Pupils for Profit

AVID in Need of Tutors


Photo Courtesy of Ty Cathey

Since the beginning of COVID-19, the number of tutors for the AVID program has dropped off. “We can’t really even do tutorials without tutors; it’s really just asking a friend for help,” AVID student Camdyn Davis said. “I’d really like to have tutors because when we had them it was always really easy to learn stuff I didn’t know.”

Ty Cathey, Reporter

Students now have the potential to earn $15 an hour or community service hours for tutoring their peers.

The AVID (Advancement via Individual Determination) program, since the start of the pandemic, has seen a lack of tutors and has been limited to the help of other students in the program. Before the pandemic, AVID had one to two tutors for a class, making learning and college applications go smoother.

In order to fill the gap, students are being offered the opportunity to have a small job as an AVID tutor. 

“We have bumped the pay to $15 an hour, which is competitive as many of the campuses in LISD have no tutors, us being one of them,” Dean of Instruction Jennifer Colman said. “Another thing we’ve looked at is utilizing AVID students or students in advanced classes who need community service hours for their organizations that require them.”

AVID’s goal can be described as helping students to be successful in college, as well as get into college. Tutorials is a system where students ask questions about any subject, and in many cases, other students will help them understand the topic, but when the other students can’t help, a tutor will assist them in understanding. This year and last year, there’s been little to no tutors, which puts a deficit on a large part of the course.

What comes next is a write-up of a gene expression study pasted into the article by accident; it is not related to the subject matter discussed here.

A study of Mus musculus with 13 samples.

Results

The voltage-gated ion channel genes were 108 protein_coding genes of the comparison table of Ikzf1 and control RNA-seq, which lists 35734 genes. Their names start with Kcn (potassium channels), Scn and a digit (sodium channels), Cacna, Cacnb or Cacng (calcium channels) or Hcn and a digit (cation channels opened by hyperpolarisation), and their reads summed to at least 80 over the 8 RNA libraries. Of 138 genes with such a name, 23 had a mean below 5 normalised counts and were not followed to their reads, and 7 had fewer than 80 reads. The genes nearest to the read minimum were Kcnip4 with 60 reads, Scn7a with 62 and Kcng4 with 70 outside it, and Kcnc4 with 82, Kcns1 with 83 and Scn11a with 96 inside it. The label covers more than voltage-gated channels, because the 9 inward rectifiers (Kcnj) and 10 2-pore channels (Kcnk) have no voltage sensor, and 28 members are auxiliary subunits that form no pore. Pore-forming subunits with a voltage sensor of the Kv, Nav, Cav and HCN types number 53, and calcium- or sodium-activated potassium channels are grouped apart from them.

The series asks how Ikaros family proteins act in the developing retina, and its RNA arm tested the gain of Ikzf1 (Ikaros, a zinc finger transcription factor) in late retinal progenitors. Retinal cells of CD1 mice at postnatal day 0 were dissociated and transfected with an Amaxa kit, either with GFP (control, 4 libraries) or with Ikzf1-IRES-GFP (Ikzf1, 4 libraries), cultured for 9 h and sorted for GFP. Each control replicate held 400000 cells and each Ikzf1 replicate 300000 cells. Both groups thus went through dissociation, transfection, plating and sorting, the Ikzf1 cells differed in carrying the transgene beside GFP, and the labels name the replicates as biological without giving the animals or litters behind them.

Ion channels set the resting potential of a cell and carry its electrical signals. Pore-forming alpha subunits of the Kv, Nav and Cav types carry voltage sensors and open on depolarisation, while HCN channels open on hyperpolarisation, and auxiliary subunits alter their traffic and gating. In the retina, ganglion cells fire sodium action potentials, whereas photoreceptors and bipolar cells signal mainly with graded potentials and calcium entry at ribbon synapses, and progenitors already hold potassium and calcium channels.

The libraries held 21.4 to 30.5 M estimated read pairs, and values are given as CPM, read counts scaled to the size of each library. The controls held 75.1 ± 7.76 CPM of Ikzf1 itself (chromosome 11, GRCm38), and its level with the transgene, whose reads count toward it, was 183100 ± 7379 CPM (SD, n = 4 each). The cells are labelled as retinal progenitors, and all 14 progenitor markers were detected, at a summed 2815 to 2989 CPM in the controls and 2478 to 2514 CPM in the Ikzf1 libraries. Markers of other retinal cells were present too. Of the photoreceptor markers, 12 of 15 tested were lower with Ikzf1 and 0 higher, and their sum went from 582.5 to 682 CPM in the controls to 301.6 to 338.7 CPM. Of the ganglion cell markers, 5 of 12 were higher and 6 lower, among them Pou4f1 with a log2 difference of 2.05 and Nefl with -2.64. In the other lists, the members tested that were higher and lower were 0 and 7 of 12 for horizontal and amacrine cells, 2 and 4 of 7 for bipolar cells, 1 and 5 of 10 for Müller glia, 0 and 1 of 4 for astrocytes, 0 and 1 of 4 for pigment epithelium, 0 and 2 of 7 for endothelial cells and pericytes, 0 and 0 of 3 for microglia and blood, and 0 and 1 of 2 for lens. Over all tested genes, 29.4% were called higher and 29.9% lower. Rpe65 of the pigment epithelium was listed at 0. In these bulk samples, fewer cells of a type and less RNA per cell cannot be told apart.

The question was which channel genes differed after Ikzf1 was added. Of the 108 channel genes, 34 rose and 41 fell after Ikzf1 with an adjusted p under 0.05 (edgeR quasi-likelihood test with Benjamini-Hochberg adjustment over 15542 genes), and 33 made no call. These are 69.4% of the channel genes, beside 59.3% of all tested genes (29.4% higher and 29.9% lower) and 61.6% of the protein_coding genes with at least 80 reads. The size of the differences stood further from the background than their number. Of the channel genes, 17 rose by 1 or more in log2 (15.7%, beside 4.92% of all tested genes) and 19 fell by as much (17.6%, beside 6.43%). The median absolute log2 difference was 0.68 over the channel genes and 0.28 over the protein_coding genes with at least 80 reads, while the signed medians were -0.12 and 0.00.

“AVID was really different because we didn’t have any tutors so it was harder to get our work done, but we could focus on college a lot more,” junior Logan McGrath said. “It’s nice to work on college applications and be prepared, as well as understand all of the steps, but not having the opportunity to work on stuff in tutorials really sucks.”

While being a college student or even just a student with a heavy schedule, it’s not always possible to be at campus and help tutor, but tutors are allowed to use Zoom during the tutoring periods to be here virtually. This is especially helpful to a college student who, for instance, goes to college a long distance away from the high school.

“We have done it where people can show up on campus, but we’ve also done it to where people can use Zoom and Zoom in and you are still paid, which is lovely,” Instructional Coach Michelle Lux said. “This can even be during your normal school day as a college student. [For example], let’s say you have a hole in your schedule between 10:00 AM and 12:00 PM; You’d be able to Zoom in and tutor here on campus.”

Having older students in the same class helping is a possibility as well, where a senior with an off period would be able to attend an AVID period with people in grades below them.

“Strictly on a volunteer basis, we’d look for students who are looking for service hours or maybe looking to develop their subject knowledge on certain subjects,” Colman said. “I did talk to some students about that and as it currently is, it didn’t seem to generate much interest to them.”

Tutors are a key component in AVID Tutorials as most students are taking the same classes and likely struggle with the same course material. The program is most likely to go in the direction of current students or returning college students Zooming in to help tutor.

“If there is a way that we can get tutors that go here set up during DEN, I would love it, because when I taught AP US History, and we were studying for the AP exam, we would get students who were really good at the writing component and find times to pair them with students who need help,” Lux said. “Once we find out the students who need it in AVID and the students who are willing and able to do it, it’ll be very successful.”